Heart disease includes a number of different diseases which affect the heart and circulatory system. The most common type, coronary artery disease (CAD), can lead to a heart attack. CAD occurs when plaque builds up in the arteries that supply blood to the heart. Plaque is made up of cholesterol deposits, which can accumulate in the arteries and cause the arteries to narrow over time. This can lead to an angina, which happens when the heart muscle does not get enough blood. It can cause chest pain or discomfort, one of the signs of a heart attack. This can lead to heart failure, when the heart cannot pump enough blood through the body, or arrhythmias, an abnormal heartbeat. Heart disease may present suddenly, like a heart attack, but can also be a gradual weakening of the heart.
Many things can contribute to heart disease, including behaviors, other health conditions, and genetic factors. Tobacco use, diets high in saturated fat and cholesterol, physical inactivity, obesity, and excessive alcohol consumption raise the risk of heart disease. Reducing tobacco use, eating a more fruits and vegetables, being physically active, reducing excess weight, and avoiding excess alcohol consumption can help lower the risk of heart disease. High cholesterol, high blood pressure, and diabetes are all risk factors for heart disease. Lowering cholesterol and blood pressure to normal limits and carefully controlling diabetes can reduce the risk of heart disease. Genetics can also play a role; those with a family history of heart disease should be especially vigilant about reducing the risks of heart disease.
Good News: During the past 5 years, the rate of heart disease death in Kern County has dropped more than 15%. Kern County’s heart disease mortality rate dropped so far so fast that in one year, Kern County’s heart disease death state-wide ranking improved 4 spots. The heart disease mortality rate is half of what it was in 1994.
Reducing tobacco use, eating more fruits and vegetables, being physical active, reducing excess weight, and avoiding access alcohol can help lower the risk of heart disease. Addressing and controlling existing medical conditions, such as lowering blood pressure or cholesterol to normal level and managing diabetes can also reduce the risk. Talk with your doctor or healthcare provider to prevent or treat any medical conditions that raise the risk of heart disease; always follow your doctor’s instructions.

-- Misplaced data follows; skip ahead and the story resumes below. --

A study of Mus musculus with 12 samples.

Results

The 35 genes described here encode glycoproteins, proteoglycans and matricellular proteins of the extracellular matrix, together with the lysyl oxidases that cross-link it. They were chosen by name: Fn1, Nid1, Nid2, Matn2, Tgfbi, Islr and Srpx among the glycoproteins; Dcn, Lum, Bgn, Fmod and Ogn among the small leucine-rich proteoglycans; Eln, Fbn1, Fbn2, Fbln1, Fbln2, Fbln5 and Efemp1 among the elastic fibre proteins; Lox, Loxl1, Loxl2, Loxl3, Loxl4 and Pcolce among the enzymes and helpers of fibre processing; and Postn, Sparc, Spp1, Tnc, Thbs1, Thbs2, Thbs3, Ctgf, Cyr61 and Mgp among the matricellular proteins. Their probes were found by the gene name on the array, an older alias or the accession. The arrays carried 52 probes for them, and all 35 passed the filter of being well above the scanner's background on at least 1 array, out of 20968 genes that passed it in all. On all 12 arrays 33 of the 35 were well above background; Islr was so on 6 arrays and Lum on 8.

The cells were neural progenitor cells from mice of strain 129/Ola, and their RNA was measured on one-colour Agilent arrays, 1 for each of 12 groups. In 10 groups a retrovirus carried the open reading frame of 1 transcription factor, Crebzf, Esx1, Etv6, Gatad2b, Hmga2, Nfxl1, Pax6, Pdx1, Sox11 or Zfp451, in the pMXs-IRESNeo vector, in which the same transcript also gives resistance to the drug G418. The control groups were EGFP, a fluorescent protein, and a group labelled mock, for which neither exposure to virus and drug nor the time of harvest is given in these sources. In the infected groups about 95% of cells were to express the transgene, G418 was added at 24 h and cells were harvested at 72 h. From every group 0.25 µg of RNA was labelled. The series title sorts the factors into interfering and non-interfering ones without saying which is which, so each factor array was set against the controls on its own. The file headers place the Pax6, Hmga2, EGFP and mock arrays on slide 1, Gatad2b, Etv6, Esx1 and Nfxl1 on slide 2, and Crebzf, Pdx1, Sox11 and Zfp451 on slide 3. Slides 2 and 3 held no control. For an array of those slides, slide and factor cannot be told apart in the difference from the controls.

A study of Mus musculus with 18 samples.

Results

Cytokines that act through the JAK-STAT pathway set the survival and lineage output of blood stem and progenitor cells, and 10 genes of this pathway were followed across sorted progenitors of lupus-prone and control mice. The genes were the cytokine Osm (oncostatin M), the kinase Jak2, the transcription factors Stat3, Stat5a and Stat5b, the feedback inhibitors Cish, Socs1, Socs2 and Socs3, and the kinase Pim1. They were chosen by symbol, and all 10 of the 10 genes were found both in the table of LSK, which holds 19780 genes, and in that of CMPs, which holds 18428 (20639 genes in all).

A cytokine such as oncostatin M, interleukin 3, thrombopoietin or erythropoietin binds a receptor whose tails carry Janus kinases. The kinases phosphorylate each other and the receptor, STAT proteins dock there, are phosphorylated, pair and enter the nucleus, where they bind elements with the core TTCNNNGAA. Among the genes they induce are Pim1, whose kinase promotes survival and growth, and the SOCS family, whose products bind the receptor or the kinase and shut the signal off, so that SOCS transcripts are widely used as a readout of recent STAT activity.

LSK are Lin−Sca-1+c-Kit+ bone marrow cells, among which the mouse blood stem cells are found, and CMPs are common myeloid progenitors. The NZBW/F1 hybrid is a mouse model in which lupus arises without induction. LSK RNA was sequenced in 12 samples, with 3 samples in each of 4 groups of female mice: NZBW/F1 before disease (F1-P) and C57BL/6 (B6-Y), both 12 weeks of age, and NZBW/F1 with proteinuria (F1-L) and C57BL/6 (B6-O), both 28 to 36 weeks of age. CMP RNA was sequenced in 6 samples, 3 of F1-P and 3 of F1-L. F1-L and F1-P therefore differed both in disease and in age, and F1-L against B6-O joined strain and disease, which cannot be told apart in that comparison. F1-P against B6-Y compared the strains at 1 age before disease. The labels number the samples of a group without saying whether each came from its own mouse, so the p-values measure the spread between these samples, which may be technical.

In 2010, Kern County commenced the Call to Action [link to CTA], a community-wide collaborate to focus attention on chronic disease and obesity. The Kern County Call to Action: Chronic Disease and Obesity Plan [link to plan .pdf] aims to build awareness about the risks of obesity and obesity-related chronic disease, support individual lifestyle changes through policy and environmental change, and provide guidance to Kern County residents interested in addressing obesity issues.
Kern County participates in the Nutrition Education and Obesity Prevention program [link to NEOP], spearheading efforts to provide nutrition education and promote physical activity countywide. Working with local schools, county agencies, academic institutions, and community groups, Kern County Public Health Services Department supports innovative efforts like community gardens, free physical activity classes, and improved access to fresh and healthy foods.